To celebrate the release of Velocity 2X: Critical Mass Edition on 25th August for PlayStation 4 and PS Vita, BadLand Games caught up with James Marsden, owner and director at FuturLab to find out more about the ideas and inspirations behind the multiple award winning sci-fi/space shooter and what we can expect from the physical Critical Mass Edition!
So, James, can you explain Velocity 2X to someone as if they’ve never heard about it before?
Velocity 2X is all you ever wanted from a top-down shooter and side-scrolling platformer, and then some.
Velocity and Velocity Ultra received fantastic critical acclaim, what inspired you to return and make Velocity 2X?
Paying homage to my favourite games as a child: Turrican 2, Flashback and Sonic the Hedgehog.
What ideas were thrown on the cutting room floor during the initial stage that weren’t used in the final game?
We had a much more extensive story with a giant twist at the end. We had to cut most of it out because people didn’t want to sit through pages of dialogue and a complex story in a fast-paced shoot ’em up. It’d be fun to return to that twist in the future…
How many people in total contributed to making Velocity 2X?
16 people in total worked across the project.
What were the ideas in place to make Velocity 2X better than its predecessors?
Far better art direction and production value, and iterative refinement of the controls. Also, giant explosions and a stellar soundtrack from Joris de Man.
If you could give one piece of advice on playing the game, what would it be?
Keep your ship low on the screen, learn how to teleport whilst boosting, and aim for perfect medals.
What did you learn from making the game?
Play-testing is vital, and we should do more of it.
What’s your favourite bit in the game?
Taking on the Vokh inside the bridge pods on Level 47.
Favourite character and why?
Kai, obviously! She takes every challenge in her stride.
Can you explain to us the following 3 DLCs that are included in the Critical Mass Edition and what they add to the experience and gameplay?
- Daily Sprint
We obviously nabbed this from Roll 7. Practice and then take the risk to commit. It’s a game of nerve as much as skill.
- Dual Core
SPOILER – this pack takes the last idea we throw at you in the main game, and pushes it as far as possible over a bunch of increasingly bonkers levels.
- Critical Urgency
Crazy speed is at the heart of the game, and here we really get to challenge the player with insane muscle memory requirement. Lots of respect for players who can ace this pack.
Your favourite DLC and why?
Critical Urgency DLC is my fave. Velocity’s spine is a hardcore muscle memory challenge, and the levels in this pack are finely sharpened to a knife edge – they take your skills to the edge too!
Did you anticipate the game being as big as it was?
Yep. I had the urge to tell the world it was a game of the year winner, so I went onto PlayStation Blog a month before release and did so!
What feedback did you get from players during the beta test?
Most people told us that it was the most fun they’d had with a game all year.
What did you do from their comments?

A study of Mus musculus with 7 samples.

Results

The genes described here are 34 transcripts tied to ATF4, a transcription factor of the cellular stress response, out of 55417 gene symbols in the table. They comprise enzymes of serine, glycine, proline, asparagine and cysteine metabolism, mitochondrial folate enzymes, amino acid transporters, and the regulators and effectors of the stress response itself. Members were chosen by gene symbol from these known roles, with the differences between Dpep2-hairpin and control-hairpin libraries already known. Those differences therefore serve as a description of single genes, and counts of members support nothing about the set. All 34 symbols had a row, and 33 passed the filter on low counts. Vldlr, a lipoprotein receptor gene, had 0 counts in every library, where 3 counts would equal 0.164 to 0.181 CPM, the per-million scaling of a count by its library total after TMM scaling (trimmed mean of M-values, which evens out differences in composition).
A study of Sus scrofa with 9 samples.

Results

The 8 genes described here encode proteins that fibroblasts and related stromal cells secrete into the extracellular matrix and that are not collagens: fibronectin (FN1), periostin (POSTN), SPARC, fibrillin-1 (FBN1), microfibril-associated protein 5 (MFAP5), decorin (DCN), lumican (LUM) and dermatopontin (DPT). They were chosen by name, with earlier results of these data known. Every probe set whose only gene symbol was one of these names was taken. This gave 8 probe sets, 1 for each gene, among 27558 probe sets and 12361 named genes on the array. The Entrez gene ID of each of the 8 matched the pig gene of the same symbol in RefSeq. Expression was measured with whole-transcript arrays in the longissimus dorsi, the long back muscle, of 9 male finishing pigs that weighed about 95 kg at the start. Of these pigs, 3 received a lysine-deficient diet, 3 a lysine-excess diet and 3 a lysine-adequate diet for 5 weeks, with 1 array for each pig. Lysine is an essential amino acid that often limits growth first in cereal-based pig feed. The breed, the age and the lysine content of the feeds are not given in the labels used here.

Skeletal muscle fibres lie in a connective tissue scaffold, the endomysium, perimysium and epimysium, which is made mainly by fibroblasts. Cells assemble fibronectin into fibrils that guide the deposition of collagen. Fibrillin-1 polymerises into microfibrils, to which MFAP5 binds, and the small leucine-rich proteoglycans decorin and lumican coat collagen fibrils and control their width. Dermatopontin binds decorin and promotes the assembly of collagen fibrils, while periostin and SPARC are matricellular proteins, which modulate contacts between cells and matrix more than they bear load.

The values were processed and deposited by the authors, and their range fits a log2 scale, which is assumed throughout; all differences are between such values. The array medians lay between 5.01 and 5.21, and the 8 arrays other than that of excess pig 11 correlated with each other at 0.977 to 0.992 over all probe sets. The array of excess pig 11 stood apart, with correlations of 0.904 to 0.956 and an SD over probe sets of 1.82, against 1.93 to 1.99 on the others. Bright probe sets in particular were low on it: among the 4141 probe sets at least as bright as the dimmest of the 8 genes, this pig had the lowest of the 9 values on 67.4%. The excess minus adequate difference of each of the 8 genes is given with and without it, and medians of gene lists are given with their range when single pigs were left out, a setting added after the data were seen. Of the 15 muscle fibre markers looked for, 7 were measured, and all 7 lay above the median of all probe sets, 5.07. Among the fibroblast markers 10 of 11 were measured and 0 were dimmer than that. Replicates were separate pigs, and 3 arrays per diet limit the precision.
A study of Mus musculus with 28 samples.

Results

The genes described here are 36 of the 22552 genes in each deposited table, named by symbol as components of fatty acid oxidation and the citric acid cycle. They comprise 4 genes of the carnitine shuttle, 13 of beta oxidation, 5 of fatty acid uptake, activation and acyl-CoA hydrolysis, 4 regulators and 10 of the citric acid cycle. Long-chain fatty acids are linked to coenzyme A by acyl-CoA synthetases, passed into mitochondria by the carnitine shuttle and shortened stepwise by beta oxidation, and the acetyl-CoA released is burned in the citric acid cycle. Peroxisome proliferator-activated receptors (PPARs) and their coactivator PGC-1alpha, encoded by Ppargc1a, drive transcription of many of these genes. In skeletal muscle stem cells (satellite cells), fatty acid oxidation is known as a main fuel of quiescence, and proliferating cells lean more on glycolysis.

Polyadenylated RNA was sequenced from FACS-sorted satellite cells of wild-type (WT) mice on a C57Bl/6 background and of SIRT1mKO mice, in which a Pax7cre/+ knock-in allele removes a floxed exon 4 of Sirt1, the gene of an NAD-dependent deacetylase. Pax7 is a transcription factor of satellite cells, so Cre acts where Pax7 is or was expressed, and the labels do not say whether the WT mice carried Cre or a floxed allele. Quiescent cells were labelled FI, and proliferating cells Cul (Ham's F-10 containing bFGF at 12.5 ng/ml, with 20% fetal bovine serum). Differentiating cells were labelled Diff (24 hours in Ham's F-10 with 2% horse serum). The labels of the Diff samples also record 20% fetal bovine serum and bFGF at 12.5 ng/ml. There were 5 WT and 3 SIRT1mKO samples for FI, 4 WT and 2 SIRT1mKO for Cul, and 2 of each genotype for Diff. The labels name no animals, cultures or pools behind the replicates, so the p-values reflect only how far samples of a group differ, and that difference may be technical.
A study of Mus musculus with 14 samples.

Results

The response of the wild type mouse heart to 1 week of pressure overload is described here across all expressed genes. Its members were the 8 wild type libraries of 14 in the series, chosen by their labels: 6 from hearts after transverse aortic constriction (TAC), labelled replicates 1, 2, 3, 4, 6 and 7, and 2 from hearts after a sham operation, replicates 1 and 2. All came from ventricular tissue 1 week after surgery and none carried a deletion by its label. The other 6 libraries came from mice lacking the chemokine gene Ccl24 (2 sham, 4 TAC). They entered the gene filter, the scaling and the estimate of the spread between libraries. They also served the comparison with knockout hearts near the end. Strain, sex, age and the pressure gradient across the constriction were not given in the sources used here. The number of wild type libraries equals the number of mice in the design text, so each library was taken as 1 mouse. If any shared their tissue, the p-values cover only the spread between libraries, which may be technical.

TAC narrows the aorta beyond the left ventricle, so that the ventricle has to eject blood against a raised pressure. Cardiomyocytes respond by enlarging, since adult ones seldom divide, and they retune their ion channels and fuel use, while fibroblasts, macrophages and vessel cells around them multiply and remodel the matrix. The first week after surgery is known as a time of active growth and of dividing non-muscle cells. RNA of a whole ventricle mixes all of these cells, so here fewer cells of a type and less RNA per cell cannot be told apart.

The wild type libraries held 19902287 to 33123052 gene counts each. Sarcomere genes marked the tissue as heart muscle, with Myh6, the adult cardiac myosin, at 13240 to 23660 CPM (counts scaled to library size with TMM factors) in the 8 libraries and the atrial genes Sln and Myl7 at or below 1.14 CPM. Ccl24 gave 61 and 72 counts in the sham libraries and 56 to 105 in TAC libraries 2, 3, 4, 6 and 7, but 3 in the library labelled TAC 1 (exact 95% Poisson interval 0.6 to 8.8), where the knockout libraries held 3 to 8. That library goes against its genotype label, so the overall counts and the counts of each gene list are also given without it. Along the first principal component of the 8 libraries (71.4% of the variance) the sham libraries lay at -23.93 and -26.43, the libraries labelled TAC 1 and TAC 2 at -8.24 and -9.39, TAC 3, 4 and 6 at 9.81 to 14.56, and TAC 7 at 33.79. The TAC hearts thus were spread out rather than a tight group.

Got really cocky and blew our own trumpets on PlayStation Blog! :p
If you could go back and do things differently what would you change or add?
We’d have done more extensive play-testing. If the whole team had been present when we had play-testers, we’d have spotted the fact that the telepod was causing some problems. I was blind to it by that point.
What advice have you got to other indie developers starting out and making their first game?
In short, aim for greatness.
This checklist below is our special sauce. We use it to design all of our games, and each has benefited greatly. Our checklist has developed out of necessity because we’re a small studio with very limited resources. Every action counts.
This list is in order of importance. Each aspect is listed here briefly, and discussed in detail afterward.
- Responsive Controls: Controls have to be close to perfect, if not perfect.
- Watertight Concept: The game has to make sense throughout.
- Appropriate Learning Curve: The game has to challenge players in a way that’s fun throughout.
- Positive Feedback & Reward: Good games are full of positive feedback for the player.
- Frictionless User Interface: The UI has to be streamlined to keep the player engaged.
- Consistent Audio & Visual Style: The audiovisual style of the game should be consistent throughout.
We believe in sharing knowledge to make the world a better place. We want to see more independent developers make stunning games to help shift the mainstream public perception of ‘indie’ as being somehow inferior, less engaging, less polished. The tide is turning, and we’d like to help accelerate it. Yes, there has been a democratisation of game development with free tools and new platforms with lower barriers to entry, but what is the use of having all the gear and no idea?
Why should people buy the Velocity 2X: Critical Mass Edition?
Aside from receiving the lovely art book, soundtrack and all the DLC, the behind the scenes special feature content is really excellent. Fans will learn a great deal about how the game came about, how it developed, and the important roles that Shahid Ahmad and Joris de Man played in its production.
What one thing would you like for the player to take away/learn from the Velocity 2X: Critical Mass Edition and playing the game?
That they would like to see another Velocity game!
Velocity 2X: Critical Mass Edition for PlayStation 4 and PS Vita is available from 25th August from physical and online retailers. Find out more about Velocity 2X: Critical Mass Edition
The post The story of FuturLab’s magnificent PS4 & PS Vita shooter/platformer Velocity 2X appeared first on PlayStation.Blog.Europe.